The Downlink • Nov 06, 2020
Carl Sagan’s wisdom and vision, and how far we’ve come since his time
This image of Earth was taken by the Voyager 1 spacecraft on 14 February 1990 from a distance of more than 6 billion kilometers (4 billion miles). The Earth appears as a small point of light within an orangish ray of light. Our late founder, Carl Sagan, suggested that Voyager 1 turn around to take this image of our home planet. His vision was to remind all of humanity of our connectedness, here on our little world in the vastness of the cosmos. This coming Monday, 9 November would have been Sagan’s 86th birthday. To mark that day, this week we’re joining the celebration of Carl Sagan and his contributions to space, exploration, and what it means to us all. Image credit: Credit: NASA/JPL.
You love space, now take action
This weekly newsletter is your toolkit to learn more about space, share information with your friends and family, and take direct action to support exploration. Anyone can subscribe at planetary.org/connect to receive it as a weekly email.
Even Carl Sagan may never have dreamed that habitable exoplanets could be so abundant. Sagan speculated that other stars may have planets in orbit around them, but he passed away in 1996 just as the era of exoplanet discovery began. He never got to learn just how abundant exoplanets are. Scientists recently combined data from NASA’s Kepler space telescope and the European Space Agency’s Gaia mission to estimate there could be 300 million habitable planets in our own galaxy. The new estimate takes into account star temperatures and the frequency of rocky worlds that could host liquid water on their surfaces. Pictured: An illustration representing the legacy of NASA's Kepler space telescope, the mission that expanded our awareness of the abundance of exoplanets. Image credit: NASA/Ames Research Center/W. Stenzel/D. Rutter.
The European Space Agency’s Philae comet lander tumbled through ancient ice in 2014 that was “fluffier than cappuccino froth.” The conclusion comes from a new reconstruction of Philae’s path as it bounced across comet 67P before coming to a rest in a dark crevice. The fluffy ice likely dates back to the dawn of our solar system and could be easily sampled by a future space mission. Learn why we study asteroids, comets, and other small worlds.
NASA has released additional images and video from the OSIRIS-REx spacecraft’s historic sample collection on asteroid Bennu on 20 October. The mission has yielded some fresh science, too: A new study predicts Bennu probably began its life in the main asteroid belt before gravity from other worlds nudged it closer to Earth 1.75 million years ago.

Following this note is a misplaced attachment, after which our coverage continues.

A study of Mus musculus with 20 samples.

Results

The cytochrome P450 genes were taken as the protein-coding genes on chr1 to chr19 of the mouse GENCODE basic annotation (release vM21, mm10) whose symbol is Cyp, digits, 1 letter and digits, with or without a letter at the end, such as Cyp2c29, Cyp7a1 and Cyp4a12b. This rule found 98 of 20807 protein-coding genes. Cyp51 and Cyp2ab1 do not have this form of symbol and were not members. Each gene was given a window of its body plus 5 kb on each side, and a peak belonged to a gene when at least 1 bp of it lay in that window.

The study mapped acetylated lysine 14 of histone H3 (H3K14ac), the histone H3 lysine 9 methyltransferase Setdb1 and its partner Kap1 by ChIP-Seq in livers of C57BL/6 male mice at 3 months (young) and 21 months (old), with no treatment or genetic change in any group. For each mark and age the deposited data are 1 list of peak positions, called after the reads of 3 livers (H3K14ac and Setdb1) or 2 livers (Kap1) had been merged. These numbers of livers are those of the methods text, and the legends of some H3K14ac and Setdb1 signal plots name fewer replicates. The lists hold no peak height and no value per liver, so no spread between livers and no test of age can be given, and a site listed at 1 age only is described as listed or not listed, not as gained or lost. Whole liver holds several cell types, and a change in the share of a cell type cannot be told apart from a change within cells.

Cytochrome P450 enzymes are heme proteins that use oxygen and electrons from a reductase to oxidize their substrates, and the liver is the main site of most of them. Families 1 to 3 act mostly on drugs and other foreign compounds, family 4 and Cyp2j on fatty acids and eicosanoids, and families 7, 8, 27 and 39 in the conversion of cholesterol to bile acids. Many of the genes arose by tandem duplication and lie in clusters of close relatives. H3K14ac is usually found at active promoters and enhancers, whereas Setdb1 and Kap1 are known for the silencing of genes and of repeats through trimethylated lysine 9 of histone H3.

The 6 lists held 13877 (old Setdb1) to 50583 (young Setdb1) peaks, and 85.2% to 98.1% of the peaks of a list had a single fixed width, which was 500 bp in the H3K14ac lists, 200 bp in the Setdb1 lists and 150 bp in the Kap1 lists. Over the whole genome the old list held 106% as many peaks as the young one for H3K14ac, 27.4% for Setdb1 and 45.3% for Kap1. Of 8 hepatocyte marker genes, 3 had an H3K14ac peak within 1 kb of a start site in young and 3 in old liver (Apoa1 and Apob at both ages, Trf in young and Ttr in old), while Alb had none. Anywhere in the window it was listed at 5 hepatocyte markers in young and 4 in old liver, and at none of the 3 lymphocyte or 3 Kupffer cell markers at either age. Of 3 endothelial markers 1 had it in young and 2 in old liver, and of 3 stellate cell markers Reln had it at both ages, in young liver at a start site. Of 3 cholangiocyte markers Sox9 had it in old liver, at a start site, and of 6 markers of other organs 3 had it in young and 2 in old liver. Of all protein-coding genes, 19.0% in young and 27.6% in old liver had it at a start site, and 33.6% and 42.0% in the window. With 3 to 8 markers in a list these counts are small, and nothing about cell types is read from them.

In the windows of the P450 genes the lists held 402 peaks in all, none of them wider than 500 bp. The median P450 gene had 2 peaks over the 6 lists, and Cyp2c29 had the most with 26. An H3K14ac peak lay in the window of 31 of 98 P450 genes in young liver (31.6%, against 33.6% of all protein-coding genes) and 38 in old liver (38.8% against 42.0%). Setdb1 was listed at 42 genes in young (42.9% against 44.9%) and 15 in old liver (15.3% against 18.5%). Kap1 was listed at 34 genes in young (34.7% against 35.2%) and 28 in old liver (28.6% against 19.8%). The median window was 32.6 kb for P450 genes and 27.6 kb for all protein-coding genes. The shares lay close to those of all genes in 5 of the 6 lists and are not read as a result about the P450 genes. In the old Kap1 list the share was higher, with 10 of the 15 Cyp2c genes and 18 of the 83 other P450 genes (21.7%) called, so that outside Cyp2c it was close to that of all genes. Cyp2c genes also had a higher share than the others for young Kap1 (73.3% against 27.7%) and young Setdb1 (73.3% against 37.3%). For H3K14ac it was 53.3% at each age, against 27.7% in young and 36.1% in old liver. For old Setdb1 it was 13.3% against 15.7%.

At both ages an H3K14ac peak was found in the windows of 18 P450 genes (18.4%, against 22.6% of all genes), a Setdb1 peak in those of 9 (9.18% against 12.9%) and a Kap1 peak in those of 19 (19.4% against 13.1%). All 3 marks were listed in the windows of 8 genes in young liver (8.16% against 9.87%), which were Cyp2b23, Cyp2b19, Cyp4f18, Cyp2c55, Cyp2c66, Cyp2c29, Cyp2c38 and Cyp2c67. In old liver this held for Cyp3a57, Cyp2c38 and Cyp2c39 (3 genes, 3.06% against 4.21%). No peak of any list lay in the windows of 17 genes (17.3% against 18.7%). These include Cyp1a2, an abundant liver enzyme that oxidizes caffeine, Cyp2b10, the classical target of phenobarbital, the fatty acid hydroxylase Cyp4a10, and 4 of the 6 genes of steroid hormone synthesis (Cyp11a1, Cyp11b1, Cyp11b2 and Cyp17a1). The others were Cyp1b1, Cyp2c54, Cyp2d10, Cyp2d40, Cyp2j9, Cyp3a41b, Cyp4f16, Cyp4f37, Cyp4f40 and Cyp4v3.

A new video shows how the orbits of our solar system’s giant planets may have changed since their births. Jupiter, Saturn, Uranus, and Neptune are all thought to have been born closer to the Sun and then moved, according to the Nice model, named after the city in France where it was developed. New research by Matt Clement at the Carnegie Institution for Science provides a more detailed explanation of what may have happened, as shown in the video.
From The Planetary Society
What does the future hold for asteroid mining? At least two ambitious, smart asteroid mining companies have gone bust. On this week’s Planetary Radio TransAstra Corporation’s Joel Sercel makes the case that his company’s new effort comes at a much better time, and with a better approach. Pictured: The TransAstra Mini Bee is a technology demonstrator of the company's much larger Honey Bee spacecraft. It may be tested in space as soon as 2023. Image credit: TransAstra Corporation.
How have presidents affected space exploration? Join Planetary Society board member and George Washington University Space Policy Institute professor emeritus John Logsdon on 10 November in a free webinar, ‘Presidential Leadership in Human Space Exploration Yesterday and Today.’ Logsdon will explore the impact of past U.S. presidents on human space exploration, and will speculate on the future of human spaceflight under the next administration.
Administrations change; our space policy priorities don’t. As we finalize the content of this newsletter, a highly contentious U.S. presidential election is being decided. The Planetary Society is a nonpartisan organization committed to working with a presidential administration of either party to advance space science and exploration. Regardless of the outcome, our space policy priorities remain the same.
Jupiter and Saturn shine side-by-side in the western evening sky, with Mars rising slightly later in the east. In the pre-dawn sky, Venus shines bright in the low eastern sky. More at planetary.org/night-sky.
Wow of the Week
This week we’re honoring one of the most poetic acts in the history of space exploration: the creation of the Voyager Golden Records. NASA’s twin Voyager spacecraft are both speeding away from our planet into interstellar space and may carry on forever unless intercepted by some other life forms. Anticipating this remote possibility, Carl Sagan led the creation of a time capsule to include with each spacecraft: 2 unique 12-inch, gold-plated copper disks carrying spoken greetings in 55 languages from Earth’s peoples, along with 115 images and myriad sounds representing our home planet. Whether Voyager 1 and 2 float through space for eternity or are intercepted by some curious alien civilization, the Golden Records carry the legacy of our species and our hope that we may not be alone in the cosmos. Image credit: NASA/JPL
Do you have a suggestion for the Wow of the Week? We’re looking for space-related art, music, gadgets, quotes, fashion, burning questions, brief sci-fi passages, or anything else that will make our readers go “Wow!” Send us your idea by replying to any Downlink email or writing to [email protected], and please let us know if you’re a Planetary Society member.